I agree something is broken here, but I don't think the proposed solution would work out as well as one might like.
The whole point of closed questions has been, historically, to guide the user to edit and then subsequently flag to reopen (with the exception of dupes). This is how quality was controlled in the early days and it worked well when the site was substantially smaller.
It's not supposed to be a dead-end.
The fact this flow doesn't currently work has two root issues, in my opinion:
- The notice and 'stigma' surrounding closed questions has never felt very encouraging to the user. This is a long-standing issue Stack Overflow has had, especially for new developers coming to SO for help for the first time - there's a reputation of posting a question, having it closed immediately, and then giving up on SO entirely.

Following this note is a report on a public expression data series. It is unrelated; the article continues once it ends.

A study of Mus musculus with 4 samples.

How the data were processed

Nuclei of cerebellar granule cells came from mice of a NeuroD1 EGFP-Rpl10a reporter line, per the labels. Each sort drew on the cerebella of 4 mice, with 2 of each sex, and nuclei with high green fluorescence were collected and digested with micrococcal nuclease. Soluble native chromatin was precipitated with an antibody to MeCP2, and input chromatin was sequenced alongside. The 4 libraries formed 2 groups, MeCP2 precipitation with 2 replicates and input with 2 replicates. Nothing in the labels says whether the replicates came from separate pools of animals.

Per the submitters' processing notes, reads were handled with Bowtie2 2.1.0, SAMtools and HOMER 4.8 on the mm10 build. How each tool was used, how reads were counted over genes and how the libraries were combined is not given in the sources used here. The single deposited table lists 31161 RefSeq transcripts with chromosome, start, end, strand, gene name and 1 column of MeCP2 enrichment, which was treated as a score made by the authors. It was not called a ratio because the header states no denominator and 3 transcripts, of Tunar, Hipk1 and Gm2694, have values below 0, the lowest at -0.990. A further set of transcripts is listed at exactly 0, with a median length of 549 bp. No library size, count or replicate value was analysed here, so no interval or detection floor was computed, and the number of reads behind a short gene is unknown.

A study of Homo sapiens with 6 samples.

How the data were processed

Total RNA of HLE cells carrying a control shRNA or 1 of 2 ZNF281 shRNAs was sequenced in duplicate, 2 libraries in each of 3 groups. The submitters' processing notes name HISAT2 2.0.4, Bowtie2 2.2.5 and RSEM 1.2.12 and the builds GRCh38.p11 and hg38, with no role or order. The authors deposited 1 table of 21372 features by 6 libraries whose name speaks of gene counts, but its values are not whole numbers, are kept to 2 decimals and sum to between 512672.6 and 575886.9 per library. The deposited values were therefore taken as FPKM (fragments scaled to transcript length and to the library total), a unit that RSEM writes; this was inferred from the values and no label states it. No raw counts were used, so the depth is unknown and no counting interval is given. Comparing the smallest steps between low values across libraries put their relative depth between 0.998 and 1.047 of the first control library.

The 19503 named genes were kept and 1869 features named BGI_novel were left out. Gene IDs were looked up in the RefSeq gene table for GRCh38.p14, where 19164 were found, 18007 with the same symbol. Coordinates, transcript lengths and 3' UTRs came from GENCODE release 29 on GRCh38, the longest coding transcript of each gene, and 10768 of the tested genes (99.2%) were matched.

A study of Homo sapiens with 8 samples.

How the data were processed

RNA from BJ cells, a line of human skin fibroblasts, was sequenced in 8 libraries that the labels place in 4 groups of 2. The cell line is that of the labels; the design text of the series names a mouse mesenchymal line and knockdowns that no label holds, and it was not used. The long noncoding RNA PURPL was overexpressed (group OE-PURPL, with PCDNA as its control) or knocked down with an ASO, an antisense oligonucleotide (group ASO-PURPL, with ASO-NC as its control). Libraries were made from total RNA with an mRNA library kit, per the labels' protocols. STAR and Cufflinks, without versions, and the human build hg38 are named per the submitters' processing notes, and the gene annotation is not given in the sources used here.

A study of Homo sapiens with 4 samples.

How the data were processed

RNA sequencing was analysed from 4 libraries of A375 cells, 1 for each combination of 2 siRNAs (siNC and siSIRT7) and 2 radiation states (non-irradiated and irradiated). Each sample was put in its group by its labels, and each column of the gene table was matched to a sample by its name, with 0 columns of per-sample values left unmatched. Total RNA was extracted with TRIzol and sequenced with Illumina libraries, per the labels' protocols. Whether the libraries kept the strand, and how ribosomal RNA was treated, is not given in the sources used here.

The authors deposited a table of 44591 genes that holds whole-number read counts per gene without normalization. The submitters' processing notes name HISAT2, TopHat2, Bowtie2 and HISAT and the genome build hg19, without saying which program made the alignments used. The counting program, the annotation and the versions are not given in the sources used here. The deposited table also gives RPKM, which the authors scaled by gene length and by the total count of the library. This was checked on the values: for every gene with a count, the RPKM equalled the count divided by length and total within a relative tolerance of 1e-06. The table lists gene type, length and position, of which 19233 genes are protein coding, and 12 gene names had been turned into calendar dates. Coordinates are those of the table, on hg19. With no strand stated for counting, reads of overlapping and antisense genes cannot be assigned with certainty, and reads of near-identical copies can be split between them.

- The reopen queue lags and takes quite a while to effect change, if at all. This is time taken away from potentially legitimate problems that might be blocking the user.
These two things alone amount to lost time (on the asker's part) and often leaves a bad taste in their mouth.
If anything, we should be encouraging edits to questions with much, much more guidance on how to ask good questions, and then streamlining the VTO queue somehow. Closed questions get buried and quite often left unanswered regardless of if the user has edited to improve it.
Unleashing a shotgun blast of notifications to users after voting to close a number of them shouldn't be the solution here. It'll only add confusion and it isn't a straightforward problem.